Ines Faridiala

In this hyper-competitive world, the one who is most skilled is the one who survives. As a result, everyone wants to be on their top game and keep improving themselves. But most of the time, it’s not with an intention to learn something new, but the sole purpose is to get a better paying job or earn more money than their colleagues. You must have seen those pop-up ads which claim to make you a “more productive person in just 30 days”, “improve your problem-solving skills” or help you “Stop Procrastinating and get organised”. But why are people so interested in these special courses, and can we even trust them?

Self-development products are everywhere

Self-improvement products are everywhere, and to reach out to a wide range of customers, they have been moulded into every format you can possibly think of. From podcasts, books, blogs to Youtube videos and Television shows, you can always find something which may help you develop your personality or make you a more organised person.

Some of these products are free of cost, while others can cost hundreds of dollars with no promise for success. Cegos, one of the world’s largest training organisations provides these self-development courses to corporate employees, and one of their courses, “How to handle your stress” charges 2087$ for just three days of training sessions! Their targeted customers are managers, human resources officers, secretaries and professionals who deal with a lot of stress. If you read their program description, it teaches you very simple things like handling your emotions, doing meditation and defining a life plan, things that you can learn on your own without spending so much money. But there are thousands of people actively taking up these courses and the comments are always filled with life-changing stories. Which makes you wonder why are people so interested to buy these formations?

Why are people interested in self-development products?

Everybody wants to be a better version of themselves and they should work on it as well,

but it seems to have become like an obsession in some cases, where people blindly follow what is trending. And the competitive environment just makes people follow the herd mentality, without even thinking how this thing might benefit them personally. The other reason why people are interested in such products is because there is a constant pressure to be more productive, with the competitive environment we are in, we want to be the best and better than the others, so it becomes natural to look for ways to be more productive. Then there is this constant feeling of guilt, people feel responsible for their bad actions regarding the environment, kindness, work and want to be good for everything and redeem themselves. For example, after Greta Thunberg, a lot of people felt guilty of not making enough for the planet and tried to act. Later this led to a lot of books about sustainability. Also, the society put a pressure on us with perfection, so these books and videos come at the perfect time, because this is what we are all looking for. The problem is that all these advice come from random people and not specialists so can we trust them?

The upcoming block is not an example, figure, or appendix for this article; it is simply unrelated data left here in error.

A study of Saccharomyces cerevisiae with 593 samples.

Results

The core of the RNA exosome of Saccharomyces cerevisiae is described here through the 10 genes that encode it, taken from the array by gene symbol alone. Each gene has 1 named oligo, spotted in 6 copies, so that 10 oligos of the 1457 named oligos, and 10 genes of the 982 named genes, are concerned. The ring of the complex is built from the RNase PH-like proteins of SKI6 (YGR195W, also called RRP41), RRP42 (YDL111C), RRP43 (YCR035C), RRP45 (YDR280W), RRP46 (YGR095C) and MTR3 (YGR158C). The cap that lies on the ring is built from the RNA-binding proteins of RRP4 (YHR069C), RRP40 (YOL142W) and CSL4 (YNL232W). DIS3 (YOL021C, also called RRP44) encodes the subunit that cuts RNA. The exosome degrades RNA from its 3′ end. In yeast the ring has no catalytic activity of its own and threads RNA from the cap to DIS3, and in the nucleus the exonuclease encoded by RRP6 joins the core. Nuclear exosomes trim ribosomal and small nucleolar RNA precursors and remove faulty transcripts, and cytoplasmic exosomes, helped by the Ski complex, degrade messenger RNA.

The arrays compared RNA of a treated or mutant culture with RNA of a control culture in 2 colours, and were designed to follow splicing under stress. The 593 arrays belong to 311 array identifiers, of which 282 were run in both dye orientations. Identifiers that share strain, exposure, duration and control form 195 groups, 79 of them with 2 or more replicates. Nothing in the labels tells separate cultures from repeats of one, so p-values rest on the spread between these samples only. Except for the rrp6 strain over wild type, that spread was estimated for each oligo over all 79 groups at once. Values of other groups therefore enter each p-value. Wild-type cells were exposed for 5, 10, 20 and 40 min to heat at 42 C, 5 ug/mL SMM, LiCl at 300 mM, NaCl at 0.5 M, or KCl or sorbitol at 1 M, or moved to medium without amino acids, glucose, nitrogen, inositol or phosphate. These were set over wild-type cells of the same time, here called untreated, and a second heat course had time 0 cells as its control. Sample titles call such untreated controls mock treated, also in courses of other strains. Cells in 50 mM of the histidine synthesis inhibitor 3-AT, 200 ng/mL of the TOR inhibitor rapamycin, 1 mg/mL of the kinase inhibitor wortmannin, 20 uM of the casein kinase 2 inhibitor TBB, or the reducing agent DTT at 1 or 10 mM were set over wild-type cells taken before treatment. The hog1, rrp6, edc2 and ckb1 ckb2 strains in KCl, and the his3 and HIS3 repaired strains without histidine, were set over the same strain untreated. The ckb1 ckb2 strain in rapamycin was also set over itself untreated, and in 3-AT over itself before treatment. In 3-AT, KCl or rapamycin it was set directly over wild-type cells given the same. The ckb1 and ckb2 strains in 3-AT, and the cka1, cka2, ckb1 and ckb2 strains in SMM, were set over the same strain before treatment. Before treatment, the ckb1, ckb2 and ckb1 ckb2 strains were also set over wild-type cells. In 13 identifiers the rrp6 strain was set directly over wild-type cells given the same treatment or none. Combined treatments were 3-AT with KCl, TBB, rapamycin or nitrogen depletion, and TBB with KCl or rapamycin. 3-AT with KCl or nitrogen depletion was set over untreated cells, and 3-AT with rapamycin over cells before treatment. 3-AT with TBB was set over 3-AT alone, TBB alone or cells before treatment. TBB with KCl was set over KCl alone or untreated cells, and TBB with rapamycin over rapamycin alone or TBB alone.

Can we trust random persons to make us better?

The other downside to this “Business of making people better” is the lack of credibility. Social media is a great tool to spread awareness, but at the same time fake news and false information propagates at an even faster rate. Anyone can call themselves a coach in a self-development course even without any specific qualification, so should they be trusted in the first place? Mark Manson, writer of the bestselling self-help book The Subtle Art of Not giving a F*ck was an ordinary blogger before his book became famous, but now he’s selling courses on how to overcome anxiety, without any professional qualification. This has become a serious concern, especially when it’s about topics like mental health issues, just one wrong information, and it can ruin someone's entire life. Same is the case of Han Elrod, writer of the famous book The Miracle Morning. What can also be frustrating is that these books and courses are selling dreams, a goal that you might not access just reading or listening to them, but you have to work yourself to achieve that goal.

The complex of perfection in our century

But what drives people to become a better version of themselves? It’s the human desire for perfection. In the modern world the idea of perfection is idealised by all the social media influencers, movies and tv shows and everybody believes it to be a norm. The society wants us to excel in one or multiple subjects, but it can be too much pressure. For example, on Instagram, everybody looks perfect, and behind your screen, you want to be like them too, even if it’s impossible. You should accept your flaws and understand the fact that nobody is perfect. Also, being perfect in front of others doesn’t mean you’re happy, sometimes it can but most of the times it doesn’t make you happier. To know more about perfection and materialism I would highly recommend you to watch the Netflix documentary Minimalist, which deals with these ideas and tells you how to overcome our obsession with Perfection and make our lives simpler.